How to Drill a Hole In a Ball Bearing


They are also attractive, smooth, and perfectly spherical, and come in many different sizes and materials. Ambitious or experienced DIYers may want to drill holes through ball bearings for a variety of projects, including shift knobs for manual transmission gear shift levers.

Drilling Holes in Ball Bearings

In this article, you will learn how to create perfectly centered holes in ball bearings. You’ll need to have a drill press designed for metal to drill safely.

Drill press
  1. Choose an appropriate bit. The material of the drill bit you choose depends on the material of the ball bearing. For brass, choose a steel bit. Steel bearings require a bit of extra preparation before they can be drilled, but once the hard outer layer is removed, a cobalt or HSS bit should work well. 
  2. Attach a bit to the chuck of your drill press. Open the jaws of the chuck and insert the bit. Make sure the shank of the bit is compatible with your drill press chuck. Tighten the chuck by hand and finish tightening it using the chuck key. Remove the chuck key and put it in a safe place. This prevents the chuck key from becoming a projectile when the drill is rotating.
  3. Put on personal protective equipment. The main concerns when drilling are metal shavings and broken bits. Either can become a dangerous projectile and cause serious injury. When drilling ball bearings, you should wear safety glasses or a full-face shield to protect yourself. Gloves are also a good idea. 
  4. Set the speed of your drill press. In general, lower speeds are better for drilling metal. The goal is to move steadily through the ball bearing without overheating it. Drilling at high speeds causes excess friction, which can actually harden the metal and make it more difficult to drill through. 
  5. Adjust the drill press table to a comfortable height using the crank or release lever. If you don’t want to drill all the way through the bearing, you will also need to set the depth guard. Lower the guard to your chosen height and secure it in place using the nuts.
  6. Place the ball bearing in a drilling jig and tighten the fasteners. Pearl jigs are used by jewelers to accurately drill holes in beads; these are ideal for holding ball bearings secure during the drilling process. A hole at the top of the jig guides the drill bit through the middle of the bearing, producing a perfectly centered hole. 
  7. Fasten the jig to the table of your drill press. Using clamps or a vise, make sure the jig is firmly in place before drilling. Insert a center punch through the guide at the top of the jig and make a dimple in the surface of the bearing. This will make it easier for the drill to bore through the metal without slipping. 
  8. To use the drill press, turn it on and start it spinning at your chosen speed. When the bit is rotating at full speed, swing the rotating lever to lower the bit. Drill through the bearing to your desired depth, then release the lever to lift the bit. Turn off the drill press. Remove the ball bearing from the jig and inspect the hole. 

How to Drill Holes in Different Types of Ball Bearings

Ball bearings are made with a variety of materials, and each has some specific instructions to pay attention to.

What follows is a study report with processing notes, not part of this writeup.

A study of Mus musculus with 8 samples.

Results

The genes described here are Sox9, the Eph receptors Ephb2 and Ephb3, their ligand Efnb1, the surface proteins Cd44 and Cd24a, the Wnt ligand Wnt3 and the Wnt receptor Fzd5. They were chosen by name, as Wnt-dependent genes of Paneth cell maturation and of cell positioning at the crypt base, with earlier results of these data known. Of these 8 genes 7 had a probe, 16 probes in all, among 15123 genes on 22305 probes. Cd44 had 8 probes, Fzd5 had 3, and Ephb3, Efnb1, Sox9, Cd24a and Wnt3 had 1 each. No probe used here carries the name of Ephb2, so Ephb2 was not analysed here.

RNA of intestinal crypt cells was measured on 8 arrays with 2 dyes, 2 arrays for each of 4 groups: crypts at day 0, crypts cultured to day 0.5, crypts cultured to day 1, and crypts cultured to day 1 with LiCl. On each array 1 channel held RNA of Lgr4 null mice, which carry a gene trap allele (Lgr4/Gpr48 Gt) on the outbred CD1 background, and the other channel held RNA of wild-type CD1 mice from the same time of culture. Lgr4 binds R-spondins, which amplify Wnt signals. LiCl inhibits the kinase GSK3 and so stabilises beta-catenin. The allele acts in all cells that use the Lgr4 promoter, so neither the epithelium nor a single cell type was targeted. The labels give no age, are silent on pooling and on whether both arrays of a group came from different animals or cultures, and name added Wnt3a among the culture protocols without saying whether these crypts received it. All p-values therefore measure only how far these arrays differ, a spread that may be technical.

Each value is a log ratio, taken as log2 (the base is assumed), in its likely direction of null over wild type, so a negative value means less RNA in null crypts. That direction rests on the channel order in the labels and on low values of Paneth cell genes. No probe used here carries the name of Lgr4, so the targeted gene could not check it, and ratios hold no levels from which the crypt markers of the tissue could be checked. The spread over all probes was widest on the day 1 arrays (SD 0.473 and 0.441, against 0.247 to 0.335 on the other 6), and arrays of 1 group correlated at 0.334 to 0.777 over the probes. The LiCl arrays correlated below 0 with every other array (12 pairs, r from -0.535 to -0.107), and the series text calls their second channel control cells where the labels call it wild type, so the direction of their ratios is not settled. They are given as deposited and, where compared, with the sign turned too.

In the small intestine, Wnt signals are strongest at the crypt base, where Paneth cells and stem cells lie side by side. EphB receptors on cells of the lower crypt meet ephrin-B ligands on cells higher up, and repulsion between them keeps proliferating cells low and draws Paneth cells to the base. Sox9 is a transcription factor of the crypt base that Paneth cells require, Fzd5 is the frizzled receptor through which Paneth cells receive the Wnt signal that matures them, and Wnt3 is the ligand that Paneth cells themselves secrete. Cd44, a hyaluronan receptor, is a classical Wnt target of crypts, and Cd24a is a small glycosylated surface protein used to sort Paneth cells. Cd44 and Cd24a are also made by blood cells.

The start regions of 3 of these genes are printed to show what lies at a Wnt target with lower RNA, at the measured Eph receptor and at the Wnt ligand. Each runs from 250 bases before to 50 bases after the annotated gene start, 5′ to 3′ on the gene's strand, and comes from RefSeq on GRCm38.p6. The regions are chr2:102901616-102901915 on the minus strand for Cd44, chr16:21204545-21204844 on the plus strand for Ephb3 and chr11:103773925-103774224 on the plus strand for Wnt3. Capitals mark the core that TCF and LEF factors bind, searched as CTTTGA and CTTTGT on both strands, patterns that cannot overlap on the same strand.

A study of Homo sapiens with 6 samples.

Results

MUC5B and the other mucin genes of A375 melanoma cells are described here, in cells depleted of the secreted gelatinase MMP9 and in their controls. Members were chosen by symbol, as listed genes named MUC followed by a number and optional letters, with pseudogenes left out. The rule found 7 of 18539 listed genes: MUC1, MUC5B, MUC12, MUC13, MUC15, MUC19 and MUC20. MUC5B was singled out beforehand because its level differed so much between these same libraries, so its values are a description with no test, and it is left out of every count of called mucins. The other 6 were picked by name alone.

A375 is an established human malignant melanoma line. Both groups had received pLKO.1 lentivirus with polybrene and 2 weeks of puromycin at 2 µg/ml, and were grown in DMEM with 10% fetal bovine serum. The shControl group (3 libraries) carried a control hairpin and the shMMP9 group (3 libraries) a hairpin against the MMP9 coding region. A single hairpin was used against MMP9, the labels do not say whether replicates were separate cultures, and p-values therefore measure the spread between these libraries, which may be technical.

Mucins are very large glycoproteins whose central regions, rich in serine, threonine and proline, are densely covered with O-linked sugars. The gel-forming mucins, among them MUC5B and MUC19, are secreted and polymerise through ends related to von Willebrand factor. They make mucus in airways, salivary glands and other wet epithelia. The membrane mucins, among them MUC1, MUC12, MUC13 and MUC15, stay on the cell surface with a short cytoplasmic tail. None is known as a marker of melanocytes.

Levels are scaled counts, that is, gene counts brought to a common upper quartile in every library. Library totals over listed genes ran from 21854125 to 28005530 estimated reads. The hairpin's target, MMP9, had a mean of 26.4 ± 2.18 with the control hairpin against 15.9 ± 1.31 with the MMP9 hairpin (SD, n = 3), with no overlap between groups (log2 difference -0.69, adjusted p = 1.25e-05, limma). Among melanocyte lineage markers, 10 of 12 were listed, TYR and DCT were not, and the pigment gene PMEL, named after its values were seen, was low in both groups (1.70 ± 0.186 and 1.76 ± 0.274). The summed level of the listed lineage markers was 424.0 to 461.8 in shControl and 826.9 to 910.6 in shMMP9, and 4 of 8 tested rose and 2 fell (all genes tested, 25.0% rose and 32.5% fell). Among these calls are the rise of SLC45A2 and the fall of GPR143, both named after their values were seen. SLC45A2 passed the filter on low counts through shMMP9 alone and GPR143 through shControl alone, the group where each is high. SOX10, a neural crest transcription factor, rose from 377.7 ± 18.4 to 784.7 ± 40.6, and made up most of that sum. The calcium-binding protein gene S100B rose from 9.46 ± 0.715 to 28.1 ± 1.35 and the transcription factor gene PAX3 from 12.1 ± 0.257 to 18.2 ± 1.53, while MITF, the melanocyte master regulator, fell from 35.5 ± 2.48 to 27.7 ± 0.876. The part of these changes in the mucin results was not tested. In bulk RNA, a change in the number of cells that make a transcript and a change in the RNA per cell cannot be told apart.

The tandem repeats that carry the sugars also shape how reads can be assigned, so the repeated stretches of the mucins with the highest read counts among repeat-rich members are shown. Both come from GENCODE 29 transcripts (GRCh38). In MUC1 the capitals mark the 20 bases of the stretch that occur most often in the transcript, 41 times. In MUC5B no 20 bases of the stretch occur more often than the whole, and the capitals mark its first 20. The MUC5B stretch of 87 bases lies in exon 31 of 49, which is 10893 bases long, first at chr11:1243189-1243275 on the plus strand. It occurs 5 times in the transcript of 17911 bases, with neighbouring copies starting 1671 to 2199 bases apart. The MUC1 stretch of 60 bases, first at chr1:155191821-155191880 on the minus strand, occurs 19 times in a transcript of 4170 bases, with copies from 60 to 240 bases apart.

Ball bearings

Steel Ball Bearings

A steel ball bearing is harder on the outside than it is on the inside. Carbon or nitrogen is added to the top layer as part of a process called ‘case-hardening’ or ‘surface hardening’.

The hardened exterior is resistant to damage. It also allows the bearing to slip and slide easily past other hard metals and abrasive material. 

Surface hardening only affects the outer layer of the bearing. The center is still soft metal. Because soft metal is less brittle than hard metal, a case-hardened ball bearing can absorb stress without fracturing.

To remove the hard outer layer from a steel ball bearing, you will need a grinding vise and a v-block.

  • Insert the ball bearing into the v-block and tighten the clamp.
  • Then, secure the v-block to your work surface using the grinding vise.
  • Use a surface grinder to grind a flat surface of about the same diameter as the hole you want to bore.
  • If you can’t use a surface grinder, a metal file should also work, but will take longer and be less precise. 

Once you’re through the case-hardened layer, you can drill into the bearing using a cobalt or HSS bit. Bits treated with black oxide, titanium nitride, or titanium carbide nitride will last longer than untreated bits

Brass Ball Bearings

Twist drill bits have a tendency to grab or ‘dig in’ to brass. To drill brass ball bearings, use a straight fluted drill bit. Alternatively, you can file down the sharp tip of a twist drill. Draw the bit across a honing stone. Do not move it back and forth; rather each stroke should be in the same direction. 

A few passes should be sufficient to dull the edge sufficiently for drilling into brass. Once you have modified a bit in this way, it is no longer suitable for drilling steel, so you may want to keep a separate set of drill bits just for brass. 


Drilling a hole in a ball bearing can be done easily and quickly, provided you have the right equipment. A jig is necessary to hold ball bearings of any material. You will also need a drill press and an appropriate bit. The bit should match the material of the ball bearing.

Steel ball bearings have a hard outer layer; this should be removed before you begin drilling. Always wear protective gear when drilling.

Ellenkate grew up on job sites run by her family’s construction company. She earned her theater degree from The Hartt School, a prestigious performing arts conservatory in Connecticut. Her design and DIY work from her Chicago loft was featured in the Chicago Reader and on Apartment Therapy.